A new approach to pre-processing data for the warehouse has been gaining in favor and popularity, however. Extract-Load-Transform (ELT) modifies the sequence to load data before it is transformed. However, it is more than a simple arbitrary resequencing of the same steps. It is a fundamentally different approach to pre-processing data, in terms of both architecture and philosophy.
Unfortunately, misconceptions around ELT have sprung up, and these myths can discourage its adoption. Here, we tackle the two biggest myths around ELT and explore why they are wrong and why your organization should consider ELT if it hasn’t already.
Myth #1: ELT Is Just a Gimmicky Pivot on ETL
As a general statement, ELT is not just a novel exercise to show that changing the order of operations (i.e. transforming data after loading it, rather than before) yields an equivalent result. Instead, the ELT approach acknowledges that ETL platforms, which often run on a single server, take on an undue computing burden as the number of data sources and volume of data both increase.
In the “old days” of loading data from maybe half a dozen systems, at a frequency of once per day (or less), the burden was reasonable, and running it on ETL infrastructure took that load off the warehouse itself. This division made sense… then. In the present environment, however, data sources have increased by orders of magnitude, and load frequencies have increased dramatically – in some cases running almost continuously. This change means that the ETL infrastructure that formerly reduced load and contention on the warehouse can now become a point of failure in its continuous operation.
Furthermore, ELT systems can manage load logic natively, taking on scheduling, monitoring, and exception handling without requiring dedicated coding, and eliminating the range of errors such coding can introduce. Further, because the jobs leverage the computing power and MPP architecture of the corporate data warehouse (CDW), they run faster and provide the greater concurrency necessary to accommodate the increase in data sources, volumes, and load frequency. Transformation jobs, meanwhile, run on the warehouse itself and can take advantage of its (often much) greater scalability. This approach conforms much more closely to the principle of using the right platform for the right job.
Far from being a simple rearrangement of a process, ELT is a transformation of it. It frees up computing power, creates efficiencies in time and power use, and allows infrastructure to handle greater load.
Myth #2: ELT Implies a Schema-on-Read Approach
Identifying and untangling this myth involves some appreciation of nuance and clearly defining our terms. When we entered the era of Big Data (which, after all, is one of ELT’s catalysts), we also began endorsing a new proposition of working with analytic data, dubbed “schema-on-read.”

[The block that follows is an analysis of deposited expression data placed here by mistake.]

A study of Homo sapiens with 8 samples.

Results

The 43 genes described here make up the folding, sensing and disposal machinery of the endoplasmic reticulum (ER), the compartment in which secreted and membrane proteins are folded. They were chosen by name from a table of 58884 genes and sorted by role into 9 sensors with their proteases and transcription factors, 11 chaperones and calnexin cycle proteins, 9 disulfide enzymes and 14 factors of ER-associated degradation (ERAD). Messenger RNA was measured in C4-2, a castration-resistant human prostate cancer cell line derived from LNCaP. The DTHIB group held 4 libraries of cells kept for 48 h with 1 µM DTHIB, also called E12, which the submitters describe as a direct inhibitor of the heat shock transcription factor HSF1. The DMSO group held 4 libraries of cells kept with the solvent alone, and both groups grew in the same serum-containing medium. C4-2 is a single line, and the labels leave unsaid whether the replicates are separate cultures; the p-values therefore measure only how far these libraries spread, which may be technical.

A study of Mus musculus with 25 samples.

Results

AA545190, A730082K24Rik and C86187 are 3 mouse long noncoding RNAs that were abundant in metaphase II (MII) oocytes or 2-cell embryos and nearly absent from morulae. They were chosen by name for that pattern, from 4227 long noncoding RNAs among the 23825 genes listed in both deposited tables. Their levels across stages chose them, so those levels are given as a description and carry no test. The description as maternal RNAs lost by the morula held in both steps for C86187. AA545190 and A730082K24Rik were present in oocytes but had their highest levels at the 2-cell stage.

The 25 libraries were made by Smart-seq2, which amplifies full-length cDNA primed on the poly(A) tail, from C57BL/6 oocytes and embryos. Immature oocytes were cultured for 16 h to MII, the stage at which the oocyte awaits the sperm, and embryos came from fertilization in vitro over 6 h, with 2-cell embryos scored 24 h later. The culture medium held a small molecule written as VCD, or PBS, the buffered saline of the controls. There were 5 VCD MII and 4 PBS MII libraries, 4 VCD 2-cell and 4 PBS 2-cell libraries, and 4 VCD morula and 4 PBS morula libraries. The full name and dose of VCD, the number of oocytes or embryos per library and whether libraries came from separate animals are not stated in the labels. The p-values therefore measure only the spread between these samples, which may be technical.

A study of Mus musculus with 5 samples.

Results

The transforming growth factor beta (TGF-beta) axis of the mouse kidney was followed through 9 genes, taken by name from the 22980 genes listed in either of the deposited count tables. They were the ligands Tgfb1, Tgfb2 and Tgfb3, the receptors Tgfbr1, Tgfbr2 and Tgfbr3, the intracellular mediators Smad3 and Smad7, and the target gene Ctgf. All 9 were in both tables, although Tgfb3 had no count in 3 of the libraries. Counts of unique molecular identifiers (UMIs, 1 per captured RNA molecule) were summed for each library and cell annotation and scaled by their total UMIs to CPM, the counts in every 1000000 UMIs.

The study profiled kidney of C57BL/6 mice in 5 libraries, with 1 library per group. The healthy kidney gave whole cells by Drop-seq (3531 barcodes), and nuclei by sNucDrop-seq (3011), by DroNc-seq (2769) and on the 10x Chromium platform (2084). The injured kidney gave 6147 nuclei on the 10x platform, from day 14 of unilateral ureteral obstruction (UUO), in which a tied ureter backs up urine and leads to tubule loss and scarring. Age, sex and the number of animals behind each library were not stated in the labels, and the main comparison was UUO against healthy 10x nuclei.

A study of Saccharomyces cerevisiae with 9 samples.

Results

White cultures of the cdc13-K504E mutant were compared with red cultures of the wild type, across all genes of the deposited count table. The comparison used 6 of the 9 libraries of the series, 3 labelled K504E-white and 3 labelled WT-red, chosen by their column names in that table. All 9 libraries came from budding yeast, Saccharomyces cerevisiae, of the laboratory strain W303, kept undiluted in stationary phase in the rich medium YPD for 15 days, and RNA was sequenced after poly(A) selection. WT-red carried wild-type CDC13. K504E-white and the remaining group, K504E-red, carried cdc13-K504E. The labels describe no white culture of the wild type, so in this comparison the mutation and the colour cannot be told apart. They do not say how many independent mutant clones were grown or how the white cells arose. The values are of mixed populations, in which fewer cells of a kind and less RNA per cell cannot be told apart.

This approach, which works best for ad hoc analysis, involves deferring transformation until analysis time, rather than performing it in advance. With schema-on-read, data loading takes place on its own, just as it does with ELT. But while schema-on-read and ELT share that overlap, the two are not the same thing. And the distinction is a non-trivial one, especially in the case of the data warehouse.
Schema-on-read can work very well in data lake environments, where ad hoc analysis that explores “unknown unknowns” takes place. In such circumstances, it makes sense to defer the imposition of schema, because the context of the analysis is variable.
But the data warehouse scenario is different and, by its production nature, typically disqualifies schema-on-read.
While not invalidating that approach, the data warehouse model asserts that for certain analyses, especially those that execute repeatedly (and thus require optimized performance), data must be transformed in advance of analysis. This schema-on-write approach makes the data more consumable for drill-down analysis, avoids executing the same transformations repeatedly, and makes explicit the idea that formal schema is desirable for operational use cases.
As it turns out, ELT does not rule out schema-on-write at all; in fact, it accommodates it quite well. With ELT, data transformation still happens and can fit right into the schema-on-write pattern. Once the load step has completed, transformation can kick off in earnest. When it does, it executes as a dedicated process, using the engine underlying the data warehouse. ELT can also leverage the data warehouse’s native language, SQL, for its ability to effect data transformation declaratively, rather than requiring execution loops containing multiple imperative instructions, to get the job done.
Because most cloud data warehouses leverage a Massively Parallel Processing (MPP) architecture, transformation jobs running on them can execute efficiently, using the divide-and-conquer approach MPP uses to scale performance. And because many cloud data warehouses use columnar storage that allows large volumes of data to be placed in memory, ELT does not lose any of the memory-based performance that many ETL platforms support.
As a bonus, in cases where customers do prefer a data-lake-like approach using schema-on-read, ELT can accommodate it. The key takeaway, however, is that it does not require it. In short, just because ELT does not enforce imposing schema when data is first loaded, does not mean it precludes schema-on-write.